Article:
In Downtown St. Paul, If You Unbuild It, Will They Come?

In Downtown St. Paul, If You Unbuild It, Will They Come?

A total of seven buildings, dating from 1886 to 1979, will be demolished in downtown St. Paul over the next 13 months to pave way for new developments.

There is lots of history in the row of buildings that sit on the bluff between downtown St. Paul and the Mississippi River.
There’s the former home of West Publishing, which marks the place where a company with national, even global, reach grew up before relocating to Eagan.
And then there’s the old Ramsey County detention center, which marks an era when governments thought nothing of placing workaday facilities on land that boasts multi-million dollar views.

“I thought the jail was a hotel when I came here for graduate school,” recalled County Commissioner Rafael Ortega on Friday. County officials brought back representatives of both of those story lines to commemorate the start of a massive demolition and clean-up project they hope will spur even more redevelopment in downtown St. Paul.
West moved out of its building in 1991, and the complex became county offices until the last workers moved to other facilities last August. The jail, built in 1979, was closed in 2003.
A total of seven buildings, dating from 1886 to 1979, will be demolished over the next 13 months at a cost of $13.5 million. (Of that, $9 million is to construct a concrete retaining wall up to two feet thick that will be secured to the bluff with rock bolts.) Once the project is completed, the county hopes that a developer or developers will buy the 3.88 acres of bluffside for uses ranging from residential and hotel to commercial. If they do, they will have panoramic views of the river.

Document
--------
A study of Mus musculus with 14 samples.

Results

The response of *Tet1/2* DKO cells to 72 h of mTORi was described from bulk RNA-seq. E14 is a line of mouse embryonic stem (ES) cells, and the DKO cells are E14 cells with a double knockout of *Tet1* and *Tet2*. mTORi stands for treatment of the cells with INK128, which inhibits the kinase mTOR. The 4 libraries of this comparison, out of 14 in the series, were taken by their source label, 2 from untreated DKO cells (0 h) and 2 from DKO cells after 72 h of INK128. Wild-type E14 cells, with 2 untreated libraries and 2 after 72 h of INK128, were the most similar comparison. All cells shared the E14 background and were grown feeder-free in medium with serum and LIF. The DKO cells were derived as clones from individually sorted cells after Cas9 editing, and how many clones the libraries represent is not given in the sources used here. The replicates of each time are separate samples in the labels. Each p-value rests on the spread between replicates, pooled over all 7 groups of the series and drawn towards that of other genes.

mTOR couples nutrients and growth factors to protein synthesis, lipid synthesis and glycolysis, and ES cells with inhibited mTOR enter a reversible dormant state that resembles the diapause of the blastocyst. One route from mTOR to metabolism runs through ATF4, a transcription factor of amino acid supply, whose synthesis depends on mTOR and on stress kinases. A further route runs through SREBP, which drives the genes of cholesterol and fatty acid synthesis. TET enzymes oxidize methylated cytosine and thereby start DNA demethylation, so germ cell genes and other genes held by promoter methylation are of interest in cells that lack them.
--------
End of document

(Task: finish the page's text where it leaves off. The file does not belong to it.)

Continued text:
“It’s all about the view,” said county commission chair Jim McDonough. A previous redevelopment deal fell victim to the Great Recession. The county commission decided to move ahead with a plan to reduce the risk for future developers by doing the demolition with county funds. It hopes to recover the money spent to ready the site for development when the parcels are sold. And it will end up with land that is on the property tax rolls for the first time in two decades.
“We see this site as part of a catalytic environment to making St. Paul a great city again,” Ortega said.
Louis Jambois, president of the St. Paul Port Authority, called the site on Kellogg Boulevard important in reconnecting downtown to the river. Officials looked at offering the buildings for reuse but said “developers were not enamored with the buildings that are here.”
In an office overlooking the river where their father Dwight served as president of West Publishing, Vance and Fane Opperman recalled going to work with him in what they described as a joyful workplace.
“I was a West kid,” Fane said. “Vance and I got that great Midwest work ethic, but with a twist  — that it was a joy to work.” Vance, who was 9 when he first visited the West offices, remembered it being a paradise for a young boy.

Thomson Reuters bought the legal publishing company in 1996 for $3.4 billion. Dwight died in 2013.
Demolition bids came in higher than the $11.5 million in bonds already approved by the county commissioners. James Homolka, the project manager for the county, said the bid environment for construction isn’t very good for governments because there is so much construction activity. Ortega said the county will transfer money from other capital projects that are under budget, and the project will move ahead as planned.